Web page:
Israel’s hi-tech workforce climbs to 198,500

Hi-tech employees make up 8.4% of the business sector, responsible for 16% of business product.

August 12, 2011 00:02
4 minute read.
A laptop.

laptop 311. (photo credit: Wikipedia Commons)

It’s not difficult to obtain figures on the size of Israel’s hi-tech industry.

The Central Bureau of Statistics, for example, estimates that 261,000 people were employed in hi-tech in 2010, up from 243,000 in 2009. However, the statistics bureau expanded the criteria for inclusion in this sector to conform to OECD definitions, and among the fields it classifies as hitech are office machinery and the aircraft industry. Opinion is therefore divided on the true number of people employed in hi-tech.


According to Ethosia, there are 3,366 hi-tech companies in Israel companies that actively engage in R&D and hire workers. Some 660 of these companies operate in the medical- devices and biotech sectors and employ 12,500 people.

Israel Aerospace Industries Ltd. is the largest hi-tech employer, with 15,000 employees, followed by another defense company, Elbit Systems Ltd., with 10,000 workers, and Rafael Advanced Defense Systems Ltd., with 5,600.

Defense companies such as IAI have become the largest in the economy – not just through mergers and acquisitions, but through hiring employees.

After the defense companies, the largest employer in Israel that is not a software house is Intel, with 7,057 workers. Amdocs Ltd. and Hewlett- Packard each have 5,000 workers in Israel, ECI Telecom Ltd. employs 2,600 in Israel, and IBM and the RAD Group employ 2,000 each.

The hi-tech industry is on a path of clear growth. The precise numbers vary because of the different trends that affect the industry, but it accounts for a large proportion of the economy. According to Central Bureau of Statistics figures, Israel’s hitech industry was responsible for 16 percent of total business product in the country in 2010. This is an impressive number, given that the industry employs only 8.4% of the total number of workers in the business sector, and this is high in comparison with Western countries.

“The hi-tech industry concentrates its resources mainly in R&D and sales,” Ethosia CEO Eyal Solomon told Globes. “The remainder is support positions in the main departments of the various enterprises. The data indicate that Israel is an architecture and design country, with production and development, too, taking place in less expensive countries.”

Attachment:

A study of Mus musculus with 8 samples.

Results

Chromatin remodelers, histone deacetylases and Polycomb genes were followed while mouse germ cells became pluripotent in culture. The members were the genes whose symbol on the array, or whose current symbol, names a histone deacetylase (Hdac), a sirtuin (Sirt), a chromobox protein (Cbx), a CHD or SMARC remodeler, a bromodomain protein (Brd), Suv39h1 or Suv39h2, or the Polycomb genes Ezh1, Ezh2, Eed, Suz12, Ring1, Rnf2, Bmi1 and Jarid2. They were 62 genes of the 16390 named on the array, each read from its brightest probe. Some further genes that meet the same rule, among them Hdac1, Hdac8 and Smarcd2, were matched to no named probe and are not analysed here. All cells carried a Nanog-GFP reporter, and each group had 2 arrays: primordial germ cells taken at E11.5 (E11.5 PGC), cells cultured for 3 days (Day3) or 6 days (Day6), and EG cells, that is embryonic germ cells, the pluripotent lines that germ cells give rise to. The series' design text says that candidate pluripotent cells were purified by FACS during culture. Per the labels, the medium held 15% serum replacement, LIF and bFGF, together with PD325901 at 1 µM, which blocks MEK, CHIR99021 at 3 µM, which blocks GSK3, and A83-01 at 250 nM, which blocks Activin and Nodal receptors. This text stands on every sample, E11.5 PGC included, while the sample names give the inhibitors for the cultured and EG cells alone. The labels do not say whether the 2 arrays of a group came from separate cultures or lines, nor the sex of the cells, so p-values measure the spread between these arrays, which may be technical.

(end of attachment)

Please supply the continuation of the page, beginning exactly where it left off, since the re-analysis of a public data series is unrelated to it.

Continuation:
Over the last few years, hi-tech development and production departments have been transferred overseas, especially after mergers and acquisitions.

This trend is even more pronounced among start-ups, which move development centers to less expensive countries. This reinforces the need in Israel for architects, systems engineers and project managers who can work with development groups in India, China and Eastern Europe.

One of the most surprising phenomena found by Ethosia’s data is the rise in the number of project managers. Until recently, this was a position in low demand; the current rise in demand indicates growth in the number of projects being undertaken by the hi-tech industry.

Mobile and Internet: a workers’ market When industry figures broken down by branches are examined, it emerges that there are 1,050 companies in the Internet industry, slightly more than in software, where there are 1,010 companies. There are 710 companies in telecommunications.

“We have identified a flow of software developers into the Internet and mobile industries, where we have identified a red-hot trend and a market that is becoming a workers’ market,” Solomon said. The main reasons for this are relatively low barriers to entry for programmers and high demand for mobile developers, he said.

Breaking down the numbers by category, software leads in the number of employees in the hi-tech industry in Israel. According to Ethosia’s data, there are 37,400 people employed in software, 15,400 in hardware, 3,262 in algorithm development, 4,741 in IT and 4,604 in software testing. In addition, 9.084 students are also employed in various hi-tech fields.

According to the Central Bureaus of Statistics, the number of male hitech employees rose from 162,200 in 2009 to 168,100 in 2010. The number of women in the industry rose from 90,700 in 2009 to 93,000 in 2010, or 35.6% of hi-tech employees.

The proportion of women who are managers in the industry rose from 16% in 1990 to 32.9% by the end of 2009.

“The glass ceiling in the industry has been shattered, and more women are successfully taking attractive roles, including managerial positions,” Solomon said. “This trend is due to the rise in the number of female college graduates, which today is larger than the number of male college graduates.”

The hi-tech industry currently offers women salaries that are three to four times what is offered them in other industries, which often discriminate against them, he said.

Among other trends are: the entry of many haredi and secular women into software testing in locations that until now were not considered hi-tech regions; a rise in the number of project managers and development work with customers, mainly in the Internet industry; and that companies aim to create a better balance in the number of male and female employees.